Healthy Living: State bets GameSense will stem problem gambling

4/6/2017 | Debbie Gardner

Category: April 2017

Who hasn’t done it? Plunked down a dollar or two for a scratch ticket when you hit the convenience store for gas or milk?  Kicked in a few bucks when the office pool was betting on the latest big Powerball? Taken advantage of one of those “fundraising” bus trips to Foxwoods or Mohegan Sun?

Congratulations, you just joined the ranks of the 72 percent of adult Bay Staters who gambled last year.

“People like to gamble in Massachusetts, for whatever reason,” Marlene Warner, executive director of the non-profit Massachusetts Council on Compulsive Gambling told Reminder Publications. “For a state of 6 ½ million people, we have 7,600 lottery outlets [and] sales over $5.5 billion. Connecticut [lottery] is doing somewhere in the range of $3 billion; every other state [lottery] pales in comparison.”

Massachusetts already has the distinction of operating the most profitable lottery in the world. And with three more enticing ways to gamble – the MGM casino in Springfield, the Wynn Boston Harbor casino in Everett and the already-operating Plainridge Park slot parlor in Plainridge – coming online between now and 2018, the opportunities to gamble in this state are about to explode.

But with more opportunities comes the potential for increased problem gambling, a situation that already impacts an estimated 104,000 residents detrimentally, and puts another approximately 326,000 at risk, according to Mark Vander Linden, director of research and responsible gaming for the Massachusetts Gaming Commission (MGC)

To address these issues, Massachusetts has become the first state in the country to adopt GameSense – an innovative, outreach strategy designed to promote informed, responsible gambling, at all of its gaming venues.

Developed by the Canadian-based British Columbia Provincial Gaming Corporation in 2009, GameSense is “a player-focused, responsible gaming program that encourages players to adopt behaviors and attitudes that can reduce the risk of developing gambling disorders.”

As implemented by the MGC, the multi-pronged GameSense program includes the following initiatives:
• Placing GameSense Advisors in casinos to talk to visitors about their gaming plans,
• Providing access to a voluntary budgeting tool called “Play My Way” tied to casino player loyalty cards,
• Offering a suite of in-person and online education about gambling myths and how different games actually work, and
• Implementing a voluntary exclusion list that can help keep problem gamblers out of state gaming venues.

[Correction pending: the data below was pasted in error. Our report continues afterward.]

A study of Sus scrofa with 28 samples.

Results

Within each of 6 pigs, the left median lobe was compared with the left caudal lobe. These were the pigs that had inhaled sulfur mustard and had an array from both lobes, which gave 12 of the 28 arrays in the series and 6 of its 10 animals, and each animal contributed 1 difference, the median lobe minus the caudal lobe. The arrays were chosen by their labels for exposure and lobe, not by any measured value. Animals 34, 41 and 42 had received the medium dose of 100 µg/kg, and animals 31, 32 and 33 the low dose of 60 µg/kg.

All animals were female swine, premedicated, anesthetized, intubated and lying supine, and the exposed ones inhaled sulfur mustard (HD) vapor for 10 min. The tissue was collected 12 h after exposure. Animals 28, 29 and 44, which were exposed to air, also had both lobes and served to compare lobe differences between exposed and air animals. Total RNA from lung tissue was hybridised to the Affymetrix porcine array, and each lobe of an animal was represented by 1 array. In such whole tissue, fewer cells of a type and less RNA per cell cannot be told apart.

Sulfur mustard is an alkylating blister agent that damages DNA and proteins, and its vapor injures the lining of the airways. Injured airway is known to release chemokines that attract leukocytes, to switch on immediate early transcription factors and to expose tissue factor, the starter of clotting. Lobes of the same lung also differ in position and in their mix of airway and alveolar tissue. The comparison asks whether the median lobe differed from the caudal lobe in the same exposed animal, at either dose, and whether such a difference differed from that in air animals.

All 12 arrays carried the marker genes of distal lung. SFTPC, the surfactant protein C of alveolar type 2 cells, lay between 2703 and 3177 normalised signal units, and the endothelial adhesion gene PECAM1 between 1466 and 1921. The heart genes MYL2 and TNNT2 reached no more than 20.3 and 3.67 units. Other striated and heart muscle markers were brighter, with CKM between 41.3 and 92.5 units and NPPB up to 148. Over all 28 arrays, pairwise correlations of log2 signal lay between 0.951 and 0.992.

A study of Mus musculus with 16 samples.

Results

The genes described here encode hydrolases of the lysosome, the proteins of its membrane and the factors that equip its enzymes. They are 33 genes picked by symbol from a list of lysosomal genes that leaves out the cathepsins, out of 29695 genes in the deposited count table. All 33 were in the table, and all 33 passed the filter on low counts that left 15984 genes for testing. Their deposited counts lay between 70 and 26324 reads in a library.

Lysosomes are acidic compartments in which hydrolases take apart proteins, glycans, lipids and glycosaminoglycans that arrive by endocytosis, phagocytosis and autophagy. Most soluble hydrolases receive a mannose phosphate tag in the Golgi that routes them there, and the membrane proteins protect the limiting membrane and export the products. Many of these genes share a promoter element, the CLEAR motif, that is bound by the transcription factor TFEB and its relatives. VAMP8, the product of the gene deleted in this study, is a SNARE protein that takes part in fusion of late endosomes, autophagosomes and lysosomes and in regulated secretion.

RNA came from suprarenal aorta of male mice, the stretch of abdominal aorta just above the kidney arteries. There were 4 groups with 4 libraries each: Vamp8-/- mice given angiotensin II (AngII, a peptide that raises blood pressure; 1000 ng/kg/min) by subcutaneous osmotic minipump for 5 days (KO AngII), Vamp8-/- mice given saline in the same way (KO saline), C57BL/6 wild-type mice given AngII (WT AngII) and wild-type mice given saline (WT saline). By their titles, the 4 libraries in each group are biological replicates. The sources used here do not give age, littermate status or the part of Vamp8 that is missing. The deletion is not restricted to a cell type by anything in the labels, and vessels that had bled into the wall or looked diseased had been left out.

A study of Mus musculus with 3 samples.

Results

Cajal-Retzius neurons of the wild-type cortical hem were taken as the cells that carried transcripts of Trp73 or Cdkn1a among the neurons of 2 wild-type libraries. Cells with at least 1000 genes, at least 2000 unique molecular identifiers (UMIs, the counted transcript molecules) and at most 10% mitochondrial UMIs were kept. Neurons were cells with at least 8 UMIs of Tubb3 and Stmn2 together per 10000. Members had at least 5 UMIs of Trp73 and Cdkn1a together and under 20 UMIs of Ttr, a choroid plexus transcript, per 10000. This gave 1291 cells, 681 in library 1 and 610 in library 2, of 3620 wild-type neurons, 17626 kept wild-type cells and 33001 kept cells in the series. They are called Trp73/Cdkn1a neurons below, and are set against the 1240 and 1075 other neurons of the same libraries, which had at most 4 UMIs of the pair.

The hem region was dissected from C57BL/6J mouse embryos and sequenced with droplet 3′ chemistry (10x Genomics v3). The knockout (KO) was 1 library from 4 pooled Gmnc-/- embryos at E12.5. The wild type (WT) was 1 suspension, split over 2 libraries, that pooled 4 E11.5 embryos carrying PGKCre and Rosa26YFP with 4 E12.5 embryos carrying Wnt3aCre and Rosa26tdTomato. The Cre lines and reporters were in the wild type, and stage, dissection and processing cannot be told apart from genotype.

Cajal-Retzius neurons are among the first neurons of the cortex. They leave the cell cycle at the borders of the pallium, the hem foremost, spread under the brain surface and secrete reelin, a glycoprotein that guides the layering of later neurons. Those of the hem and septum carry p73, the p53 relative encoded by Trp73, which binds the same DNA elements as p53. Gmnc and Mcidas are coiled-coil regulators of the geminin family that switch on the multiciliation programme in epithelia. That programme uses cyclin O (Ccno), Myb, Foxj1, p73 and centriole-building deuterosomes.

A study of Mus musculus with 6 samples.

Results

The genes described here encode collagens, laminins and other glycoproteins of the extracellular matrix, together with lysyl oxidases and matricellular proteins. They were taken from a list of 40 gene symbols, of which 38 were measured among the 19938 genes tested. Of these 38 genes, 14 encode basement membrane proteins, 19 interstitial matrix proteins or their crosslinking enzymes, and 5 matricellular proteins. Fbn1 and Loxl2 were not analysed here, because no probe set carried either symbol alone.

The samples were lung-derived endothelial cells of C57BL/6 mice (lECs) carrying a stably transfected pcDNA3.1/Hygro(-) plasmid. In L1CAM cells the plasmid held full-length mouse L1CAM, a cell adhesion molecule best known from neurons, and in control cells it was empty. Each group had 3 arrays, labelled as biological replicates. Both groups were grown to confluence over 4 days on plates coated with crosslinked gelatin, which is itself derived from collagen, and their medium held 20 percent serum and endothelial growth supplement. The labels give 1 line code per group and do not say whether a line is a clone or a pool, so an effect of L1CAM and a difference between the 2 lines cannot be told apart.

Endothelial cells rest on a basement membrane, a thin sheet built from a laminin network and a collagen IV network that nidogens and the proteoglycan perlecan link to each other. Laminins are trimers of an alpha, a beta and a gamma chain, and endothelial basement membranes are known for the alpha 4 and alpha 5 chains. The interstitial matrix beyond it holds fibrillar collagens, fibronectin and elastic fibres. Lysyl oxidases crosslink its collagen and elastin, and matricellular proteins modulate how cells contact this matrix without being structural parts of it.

“Ultimately, gambling is your choice, but we want people to understand that there are ways that gambling can be done in a healthier, more responsible way rather than creating risk and other problems,” Vander Linden said.

The MGC rolled out the first ads promoting GameSense through online and social media channels on March 12. The full suite of information, including links to help for gambling issues, is available online at

Warner said attacking the potential for problem gambling head-on had always been part of the plan as gaming expanded across the state.

“The 2011 Expanded Gaming Act goes far and wide beyond any other legislation in the nation. It calls for on-site gambling treatment centers. When it went into the state legislature, they decided to have a responsible gaming and problem gaming center [in the casinos]” she explained.

Vander Linden, who joined MGC from the Iowa Department of Public Health, where he also worked on gambling–related issues, said his research showed GameSense offered the best answer to the MGC’s and the legislature’s concerns.

“The commission went out and identified what are the effective strategies already in place in other parts of the country and around the world [to combat problem gambling] and honestly, we did not see a lot happening in the United States,” Vander Linden said. “[British Columbia’s] GameSense is an active way to promote responsible gambling. The traditional way is passive, offering brochures to patrons about what responsible gambling looks like.

The GameSense program is already up and running in the Plainridge Park slots casino, and Warner, whose non-profit has hired and is overseeing the GameSense Advisors at the site – said the research on this initial implementation shows real promise.

“[Following] the first months of the games at Plainridge an evaluation came out showing this approach was really useful for informing players and had a really positive impact on [them],” she said.

In Plainridge, Warner said the GameSense Advisors are located near the elevators, through which 85 percent of players enter. Positioned next to the casino host booth, they are in a “perfect position” to talk to patrons about their plans for the day, address slot play myths like “hot” machines and introduce tools such as the “Play My Way” daily, weekly and monthly budgeting options on loyalty cards – while the guest waits for a host.

Vander Linden said the cooperative effort between MGC and the Massachusetts Council on Compulsive Gambling to staff GameSense outposts is being funded through an assessment on casino licenses assigned to MGM, PennNational and Wynn, with “no taxpayer dollars” involved.